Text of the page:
SACRAMENTO, Calif. (CN) – Issuing California’s first-ever mandatory water reductions Wednesday, Gov. Jerry Brown ordered cities and towns to cut back their water use by 25 percent because the latest drought indicators are dire.
Brown witnessed state officials measure the Sierra Nevada snowpack Wednesday and the results revealed the snowpack is at just 5 percent of its historic average on April 1. The measurement site, a meadow historically covered with feet of snow, was brown and barren.
“Today we are standing on dry grass where there should be five feet of snow,” Brown said in a statement. “This historic drought demands unprecedented action. Therefore, I’m issuing an executive order mandating substantial water reductions across our state. As Californians, we must pull together and save water in every way possible.”
Brown’s drought order calls for the California Water Resources Control Board to implement restrictions that could save up to 1.5 million acre-feet of water over the next nine months, or the amount of water that is currently in one of California’s largest reservoirs, Lake Oroville. The restrictions will require golf courses, cemeteries and other large landscapes to make significant reductions in water use.
Members of Brown’s administration called the state’s drought unprecedented and said there is no relief in sight.
“This spells out the fact that the situation is unprecedented and critical, and requires the actions of an all-hands-on-deck approach,” Mark Ghilarducci, director of the California Office of Emergency Services, said. “Over the last year, this drought has taken its toll on our cities, our farms and our natural environment.”
The Sierra Nevada snowpack is an important water source for California, as each summer the snowmelt fills up the state’s reservoirs. According to water board estimates, nearly 30 percent of the state’s water comes from the snowpack.
Wednesday’s historically low snowpack measurement is the latest example of the Golden State’s enduring drought. January was the driest on record and February’s average temperature topped all previous Februaries by 8 degrees. Last week Brown signed a $1.1 billion emergency drought relief package to ease the impact of another dry winter.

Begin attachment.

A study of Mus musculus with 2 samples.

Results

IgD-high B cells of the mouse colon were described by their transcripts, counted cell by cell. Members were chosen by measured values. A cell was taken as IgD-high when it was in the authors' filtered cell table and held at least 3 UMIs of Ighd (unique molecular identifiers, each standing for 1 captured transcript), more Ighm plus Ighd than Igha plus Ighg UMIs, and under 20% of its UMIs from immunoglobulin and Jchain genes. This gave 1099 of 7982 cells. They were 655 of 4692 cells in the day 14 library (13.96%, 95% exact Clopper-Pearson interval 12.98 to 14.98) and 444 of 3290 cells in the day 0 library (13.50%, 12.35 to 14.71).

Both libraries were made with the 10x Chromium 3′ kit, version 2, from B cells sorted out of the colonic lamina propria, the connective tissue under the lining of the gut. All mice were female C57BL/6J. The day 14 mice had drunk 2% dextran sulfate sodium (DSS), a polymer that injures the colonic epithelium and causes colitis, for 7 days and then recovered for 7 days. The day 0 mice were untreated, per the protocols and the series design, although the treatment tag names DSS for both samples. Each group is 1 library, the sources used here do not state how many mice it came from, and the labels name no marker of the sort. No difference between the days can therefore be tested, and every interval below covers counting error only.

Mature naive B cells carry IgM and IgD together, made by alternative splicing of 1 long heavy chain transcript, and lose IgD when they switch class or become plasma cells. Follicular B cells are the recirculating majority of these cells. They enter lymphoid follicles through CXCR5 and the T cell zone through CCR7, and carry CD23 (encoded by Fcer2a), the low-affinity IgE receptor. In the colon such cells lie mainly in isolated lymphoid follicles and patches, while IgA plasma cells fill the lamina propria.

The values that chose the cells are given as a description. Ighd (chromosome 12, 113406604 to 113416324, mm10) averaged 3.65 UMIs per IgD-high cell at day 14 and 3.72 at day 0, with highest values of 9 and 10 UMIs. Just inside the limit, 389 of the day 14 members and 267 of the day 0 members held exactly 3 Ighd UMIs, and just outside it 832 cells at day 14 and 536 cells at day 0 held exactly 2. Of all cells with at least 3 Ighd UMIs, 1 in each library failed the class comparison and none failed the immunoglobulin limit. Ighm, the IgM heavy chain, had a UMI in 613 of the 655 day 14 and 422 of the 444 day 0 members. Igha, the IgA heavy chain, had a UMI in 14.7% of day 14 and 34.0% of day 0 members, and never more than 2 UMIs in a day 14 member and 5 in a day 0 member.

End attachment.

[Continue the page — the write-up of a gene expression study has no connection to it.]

“This funding is just one piece of a much larger effort to help those most impacted by the drought and prepare the state for an uncertain future,” Brown said in a statement at the signing.
The water board says nearly 30 percent of the state’s water comes from the snowpack, which has suffered from another dry winter and unseasonably warm temperatures.
Wednesday’s measurement was the lowest since records have been kept, a significant glimpse into California’s water picture.
“We didn’t find any snow,” Mark Cowin, director of the California Department of Water Resources, said.
Brown’s directive will focus on conserving water in several areas, including replacing 50 million square-feet of lawn with drought-tolerant landscaping, and offering rebates for replacing older appliances with efficient ones. Water suppliers will be responsible for detailed drought-management plans.
Lawmakers applauded Brown’s swift action.
“I’m pleased to see the governor responding to our call for fast-tracking new water supply projects across the state,” Assembly Republican Leader Kristin Olsen said. “It’s past time to streamline the review process for water infrastructure projects.”
The diminished snowpack is the latest example of the Golden State’s enduring drought. January was the driest on record and February’s average temperature topped all previous Februaries by 8 degrees. Last week Brown signed a $1.1 billion emergency drought relief package.
“This funding is just one piece of a much larger effort to help those most impacted by the drought and prepare the state for an uncertain future,” Brown said at the signing.